Give a Dev a Hug: The Importance of Psychological Safety for Development Teams
By creating an environment of psychological safety, managers can combat stress and mental health issues within their development teams.Read More
Authors: Michelle Despres and Kevin Able
In our first article, we explained why psychological safety is important for the success of software development teams.
After all, we want developers to let us know when a release date is threatened or when a requirement has been missed. We want developers who take risks by challenging the status quo, discovering creative solutions, and innovating. We want developers to let us know when they are feeling the pressure of aggressive deadlines, scope changes, and resource challenges. While it feels like the world is opening back up, we have not returned to pre-pandemic ways of working.
Because psychological safety is necessary for developers to expose issues, take risks, and share how they’re doing, it’s important to create and nurture a team culture that prioritizes it. For this second article, we want to share some tips for creating that safety. While we focus on developers, these suggestions can be applied to all workplace teams.
1. Start with why.
Let team members know that evidence points to their being happier at work, performing better, and being more creative in a psychologically safe environment. For us, that means a greater chance of achieving business goals. This is a good time to remind each individual of the qualities and skills they bring to the team to emphasize how important it is to share.
2. Define what safe looks like.
Set expectations by establishing rules for engagement and then live by those rules. Rules should support sharing without fear of intimidation or ridicule, allow healthy conflict through respectful discussion, and encourage stepping out of comfort zone. Failures should be viewed as an opportunity to learn, rather than a setback.
3. Be an enabler.
Ask questions, facilitate communication, encourage team members to contribute, and allow everyone to participate. Listen actively and be curious. Encourage creativity and demonstrate your willingness to be open to new ideas. When possible, act on those ideas. Team members will disengage if they believe they don’t have a voice or that their opinions aren’t being heard.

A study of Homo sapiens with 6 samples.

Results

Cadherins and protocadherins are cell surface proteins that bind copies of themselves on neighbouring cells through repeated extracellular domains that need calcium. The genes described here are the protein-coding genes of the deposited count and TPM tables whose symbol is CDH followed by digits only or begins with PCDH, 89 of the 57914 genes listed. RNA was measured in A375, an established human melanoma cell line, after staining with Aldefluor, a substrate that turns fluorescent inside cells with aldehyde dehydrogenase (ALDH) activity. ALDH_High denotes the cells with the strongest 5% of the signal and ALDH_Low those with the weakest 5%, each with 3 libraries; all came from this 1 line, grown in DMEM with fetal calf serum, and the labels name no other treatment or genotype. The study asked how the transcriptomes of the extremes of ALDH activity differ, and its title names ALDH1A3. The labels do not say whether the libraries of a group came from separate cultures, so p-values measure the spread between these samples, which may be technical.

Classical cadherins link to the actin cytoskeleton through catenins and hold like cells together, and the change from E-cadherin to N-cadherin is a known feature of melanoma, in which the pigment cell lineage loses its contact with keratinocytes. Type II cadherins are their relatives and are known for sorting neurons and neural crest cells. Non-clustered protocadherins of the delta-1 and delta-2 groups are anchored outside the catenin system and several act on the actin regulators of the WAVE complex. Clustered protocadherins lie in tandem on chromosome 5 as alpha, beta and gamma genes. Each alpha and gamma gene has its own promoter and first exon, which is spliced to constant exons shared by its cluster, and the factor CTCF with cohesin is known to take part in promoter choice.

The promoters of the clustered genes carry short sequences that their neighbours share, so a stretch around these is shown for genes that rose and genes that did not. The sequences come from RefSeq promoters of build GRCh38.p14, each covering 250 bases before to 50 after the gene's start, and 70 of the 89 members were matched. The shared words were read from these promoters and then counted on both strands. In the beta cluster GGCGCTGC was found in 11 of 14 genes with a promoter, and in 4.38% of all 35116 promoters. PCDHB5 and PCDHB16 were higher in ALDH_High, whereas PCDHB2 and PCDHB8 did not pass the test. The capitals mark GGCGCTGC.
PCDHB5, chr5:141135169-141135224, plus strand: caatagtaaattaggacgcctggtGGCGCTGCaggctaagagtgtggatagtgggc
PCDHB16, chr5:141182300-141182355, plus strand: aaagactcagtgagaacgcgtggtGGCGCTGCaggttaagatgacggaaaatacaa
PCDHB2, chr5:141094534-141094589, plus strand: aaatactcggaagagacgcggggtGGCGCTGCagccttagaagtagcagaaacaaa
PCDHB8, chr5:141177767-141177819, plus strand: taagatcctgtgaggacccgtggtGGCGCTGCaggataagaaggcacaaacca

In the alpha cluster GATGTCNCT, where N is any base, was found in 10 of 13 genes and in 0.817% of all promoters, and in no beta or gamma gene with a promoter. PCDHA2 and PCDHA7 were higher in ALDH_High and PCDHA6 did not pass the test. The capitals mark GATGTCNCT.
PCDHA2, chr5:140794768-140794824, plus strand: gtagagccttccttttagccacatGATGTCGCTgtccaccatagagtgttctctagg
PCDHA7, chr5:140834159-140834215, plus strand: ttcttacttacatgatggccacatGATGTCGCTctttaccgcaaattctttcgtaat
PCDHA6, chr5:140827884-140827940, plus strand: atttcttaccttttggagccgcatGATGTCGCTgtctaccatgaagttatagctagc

4. Model the behavior you wish to see.
Be open with your concerns and admit your own mistakes. Trust is necessary for psychological safety, and you build trust through transparency and the willingness to be vulnerable. Be willing to dig in, to truly understand and appreciate the problem at hand.
5. Build authentic relationships with your developers.
This is another way to build trust. To paraphrase the Agile Manifesto: people first. Know your team and let them know you. Check in regularly with your developers. We use Sprint Retros as one way to do that, and it’s heartening to see how much our team values those meetings. Engage with team members one-on-one, sometimes to talk about nothing related to work.
6. Prioritize team building.
Participating in team social events and working collaboratively foster a sense of belonging, yet another way to build trust. Consider how many of your team members have never met in person. Making an effort to create a cohesive team is especially important and challenging when team members were hired during Covid. Even for seasoned teams, additional effort is required, as remote and hybrid work appears to be here to stay.
7. Coach your team.
Psychologically safe teams still need coaching. Maybe your team would be helped by learning how to provide feedback, how to handle emotionally charged situations, or how to alleviate stress. Encouraging self-awareness aids professional growth. Calling out behavior that supports the team culture is a subtle way to remind the team about the rules of engagement.
8. Appreciate feedback.
When a developer does expose issues, take risks, and share how they’re doing, show your appreciation. Respond honestly to reinforce team culture. If you disagree, be cognizant of your language choices. Borrow from improv and use “yes, and” instead of “but”.
There is no one-size-fits-all method for building a psychologically safe team, especially with the challenges over the last couple of years during the pandemic. As remote work becomes the new normal, there needs to be an emphasis on enhancing employee engagement. Leadership in this new workplace means embracing this change and developing a psychologically safe environment where your teams can thrive.
Kevin Able is a senior software architect in RevGen’s Digital Enablement practice. He is passionate about delivering practical solutions that drive value to his clients.
Michelle Despres is a manager in RevGen’s Customer Experience practice and specializes in CX program creation, implementation, and management.